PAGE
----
Monday, 1 September 2014

The House Party Formula


The kind where you wore enough over-saturated lipgloss to flood your tub and a swishy, A-line miniskirt with a million belts draped around your hips and an assortment of body glitter and jewels around your navel (it was the 2000s guys).

The kind where you have collected a pretty, but not too pretty, gang of giggley girls who've assured you that the boy from your English class is "totally into you" and that "tonight [was] the night to finally make your move".*

The kind where you drank beer from red cups and found the magical ability to sway rhythmically to late '90s R'n'B music like an unrealistic 2004 music video. All while you've lied to your parents about the amount of boys present and whether they actually had met the 'girl' throwing the party.

I'd entered high school imagining house parties as the upper echelon of the teenage experience. The frequent attendance to these parties not only meant that you were a somebody, a somebody in with the right people, a somebody people love to meet but that you were going to grow old with a content smile on your face because you've lived.

This was where you were made and/or broken, right?

Well, let's just say that reality turned out a lot different. For some parts better, most parts worse. For one, copious amounts of lip gloss and redundant belts were no longer a thing but they were also replaced by coloured skinny jeans and ill-applied eyeliner.
And R'n'B seemed to die the moment I hit puberty. With the death of Juicy velour tracksuits and Kimore Lee Simmons ghetto fab gold leggings and Gucci shades, also came the end of the era of the Mariah Careys, Marios, Sisqos, R.Kellys and Sades that had brought so much joy.

What I instead found where hormone fueled, energy spike gatherings of kids I knew and kids I kinda knew and kids I would later wish I had never known, that hung around territorially, clutching white paper cups to their chests, hating whatever music was playing, laughing about absolute nothings on trampolines and couches, hosting loud debates about things they would not care about in ten days, saying and doing the nastiest things to or with each other all so that they could say they were there Saturday night and make it seem a lot greater than it actually was to the kids smart enought not to attend.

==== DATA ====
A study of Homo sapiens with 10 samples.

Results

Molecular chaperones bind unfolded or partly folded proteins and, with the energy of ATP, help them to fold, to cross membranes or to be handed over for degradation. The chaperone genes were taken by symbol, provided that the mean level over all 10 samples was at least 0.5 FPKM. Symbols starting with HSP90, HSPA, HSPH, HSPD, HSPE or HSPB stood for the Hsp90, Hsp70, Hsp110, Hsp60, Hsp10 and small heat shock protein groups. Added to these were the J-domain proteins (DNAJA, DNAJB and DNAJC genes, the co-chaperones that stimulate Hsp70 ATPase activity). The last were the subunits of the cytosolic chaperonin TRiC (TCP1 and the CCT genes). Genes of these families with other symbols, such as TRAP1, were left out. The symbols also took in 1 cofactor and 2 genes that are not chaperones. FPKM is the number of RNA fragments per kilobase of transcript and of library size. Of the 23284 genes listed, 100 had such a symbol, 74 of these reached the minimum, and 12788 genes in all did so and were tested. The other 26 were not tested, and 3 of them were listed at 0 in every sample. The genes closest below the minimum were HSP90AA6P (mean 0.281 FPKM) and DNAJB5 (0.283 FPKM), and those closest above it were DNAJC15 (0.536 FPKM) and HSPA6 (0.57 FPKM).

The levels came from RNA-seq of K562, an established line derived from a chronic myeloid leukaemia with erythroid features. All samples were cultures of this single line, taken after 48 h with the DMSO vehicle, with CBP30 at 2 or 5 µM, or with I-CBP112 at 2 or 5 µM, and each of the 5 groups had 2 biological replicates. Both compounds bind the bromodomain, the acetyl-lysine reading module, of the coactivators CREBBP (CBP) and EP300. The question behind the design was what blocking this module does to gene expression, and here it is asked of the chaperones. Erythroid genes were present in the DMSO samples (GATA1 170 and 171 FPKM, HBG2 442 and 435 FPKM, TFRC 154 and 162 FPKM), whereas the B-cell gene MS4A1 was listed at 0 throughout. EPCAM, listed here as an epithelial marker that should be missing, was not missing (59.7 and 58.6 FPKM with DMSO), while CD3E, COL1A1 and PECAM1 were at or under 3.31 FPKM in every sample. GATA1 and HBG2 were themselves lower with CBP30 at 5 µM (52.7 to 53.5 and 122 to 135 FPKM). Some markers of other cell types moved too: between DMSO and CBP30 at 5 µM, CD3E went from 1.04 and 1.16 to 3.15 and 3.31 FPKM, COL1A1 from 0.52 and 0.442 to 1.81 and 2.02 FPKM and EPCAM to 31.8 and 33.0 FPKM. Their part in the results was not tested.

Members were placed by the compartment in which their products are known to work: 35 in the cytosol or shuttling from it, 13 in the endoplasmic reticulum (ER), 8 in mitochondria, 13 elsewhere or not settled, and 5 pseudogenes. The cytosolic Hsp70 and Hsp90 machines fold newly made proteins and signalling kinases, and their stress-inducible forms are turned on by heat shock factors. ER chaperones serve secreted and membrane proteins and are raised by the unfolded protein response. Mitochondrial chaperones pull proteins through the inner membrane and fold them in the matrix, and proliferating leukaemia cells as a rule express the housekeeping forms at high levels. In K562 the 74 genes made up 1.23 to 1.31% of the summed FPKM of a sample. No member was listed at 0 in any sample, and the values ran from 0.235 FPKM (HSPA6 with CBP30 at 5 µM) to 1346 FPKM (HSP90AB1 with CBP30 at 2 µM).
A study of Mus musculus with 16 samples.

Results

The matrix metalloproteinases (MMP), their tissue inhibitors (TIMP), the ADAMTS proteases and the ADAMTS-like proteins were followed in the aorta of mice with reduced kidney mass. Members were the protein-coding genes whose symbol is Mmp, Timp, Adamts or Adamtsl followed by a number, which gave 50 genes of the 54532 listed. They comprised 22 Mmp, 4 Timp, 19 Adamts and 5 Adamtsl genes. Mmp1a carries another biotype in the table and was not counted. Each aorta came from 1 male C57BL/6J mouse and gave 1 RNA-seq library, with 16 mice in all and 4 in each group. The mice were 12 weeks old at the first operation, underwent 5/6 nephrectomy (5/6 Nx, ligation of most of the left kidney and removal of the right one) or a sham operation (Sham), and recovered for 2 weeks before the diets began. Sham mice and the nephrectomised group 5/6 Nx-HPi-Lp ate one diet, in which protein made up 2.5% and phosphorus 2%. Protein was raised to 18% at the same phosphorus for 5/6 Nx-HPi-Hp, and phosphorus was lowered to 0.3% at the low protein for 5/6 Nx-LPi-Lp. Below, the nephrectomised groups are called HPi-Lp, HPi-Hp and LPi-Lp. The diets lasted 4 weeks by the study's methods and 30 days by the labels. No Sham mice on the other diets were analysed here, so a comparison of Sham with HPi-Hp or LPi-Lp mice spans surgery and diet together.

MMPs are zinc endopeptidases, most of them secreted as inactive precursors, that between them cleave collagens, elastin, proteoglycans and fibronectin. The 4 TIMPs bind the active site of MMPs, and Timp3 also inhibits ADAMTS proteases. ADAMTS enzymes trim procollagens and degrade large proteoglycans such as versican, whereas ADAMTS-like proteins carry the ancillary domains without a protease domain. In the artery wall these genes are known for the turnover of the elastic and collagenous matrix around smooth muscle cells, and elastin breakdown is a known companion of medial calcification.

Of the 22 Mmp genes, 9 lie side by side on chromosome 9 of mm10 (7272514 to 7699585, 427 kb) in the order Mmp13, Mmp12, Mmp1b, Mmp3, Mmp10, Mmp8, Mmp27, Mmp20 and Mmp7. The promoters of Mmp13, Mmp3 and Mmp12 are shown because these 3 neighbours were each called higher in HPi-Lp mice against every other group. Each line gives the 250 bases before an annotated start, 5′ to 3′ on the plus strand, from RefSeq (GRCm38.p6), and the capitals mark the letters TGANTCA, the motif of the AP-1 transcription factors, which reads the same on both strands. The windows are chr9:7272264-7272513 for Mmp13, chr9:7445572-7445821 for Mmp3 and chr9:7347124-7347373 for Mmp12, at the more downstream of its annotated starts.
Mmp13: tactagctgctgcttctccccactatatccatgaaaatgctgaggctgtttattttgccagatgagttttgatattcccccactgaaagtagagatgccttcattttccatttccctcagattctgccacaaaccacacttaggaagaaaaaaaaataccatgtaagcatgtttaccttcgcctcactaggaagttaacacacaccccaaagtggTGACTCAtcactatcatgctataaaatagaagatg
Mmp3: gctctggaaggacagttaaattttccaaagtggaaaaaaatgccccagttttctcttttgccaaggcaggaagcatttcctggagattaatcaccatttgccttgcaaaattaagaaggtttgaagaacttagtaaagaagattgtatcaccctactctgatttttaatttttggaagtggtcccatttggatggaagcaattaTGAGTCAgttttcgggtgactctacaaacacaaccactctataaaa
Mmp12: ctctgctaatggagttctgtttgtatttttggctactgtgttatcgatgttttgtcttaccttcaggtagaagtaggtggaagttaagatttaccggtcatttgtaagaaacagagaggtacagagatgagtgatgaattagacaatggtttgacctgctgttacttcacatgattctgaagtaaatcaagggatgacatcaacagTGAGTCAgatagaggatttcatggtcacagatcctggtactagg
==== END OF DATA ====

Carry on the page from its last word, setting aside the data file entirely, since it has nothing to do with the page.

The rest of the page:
I tried to remain optimisitc in my earlier years, I really did. Believe me, I searched high and low but what I've come to realise is that all house parties all play out the exact same way.

So, in order to save you time, energy and lies that you could use on your parents when they're actually necessary, I've compiled the House Party Formula. This is a scientifically, fact driven equation and hypothesis that is totally reputable and will work out everytime**.

The House Party Formula:

  1. A drunk white girl will get into an argument with either her 'best friend' or boy she likes and she will kill the mood of every room. Stay away from her. Unless you are her then fix your life, girlfriend.
  2. Someone will try to coax you into a dark corner. This can either be a bad or a good thing. Your choice.
  3. There will always be one SOB who wants to play the genre of music you hate the most and he will make a big deal of crying bloody murder at the flow of pop or EDM playing. He also never dances or feels feelings inside. Pay no attention to him.
  4. People will feel the need to display either their breasts or genitals. Either through body shots or peeing outside like an animal.
  5. Someone will puke and/or pass out. You will most likely be present for this, if not the offender, and you will have to ask someone how to get the stain out of your brand new boots.
  6. One kid will have been the white girl wasted novice who has never been let out before or hardly gets let out. This kid will lose his/her respective shit and make you question your life.
  7. One of your friends will be a mess and you will make fun of her for it for the rest of her life or until you do something equally or even more stupid.
  8. Those two guys you know from some or other sports will get into a physical fight that will not only destroy the mood of the whole party but signal everyone's departure.
  9. The police will arrive. Or the host's parents. Or worse: the nosy parents of the wild child who never goes out who will make it his/her duty to call everyone else's parents because their little Johnny or Susy cannot suffer alone.

While this formula works out 99% of the time, do not let it keep you from repeatedly looking for Daisy's green light across the lake at every party. I don't.

*Do not let the fact that I had attended a single sex school for the first half of my high school life dissuade you from the credibility of my statements.
**Oh my god, no. This is all based on my own experiences and a few episodes of CW and ABC television.

5 comments:

  1. This is perfect oh my god. Especially the red cups and all those expectations. I have never in my existence seen your typical American red beer cup in the flesh (or plastic?). And love the formula, it sounds pretty spot on.

    1. Hahaha, I'm most upset about the red cups actually



    1. I feel the exact same way. But I think it's beautiful that you can still stay optimistic each time. Maybe house parties are a life lesson in perseverance.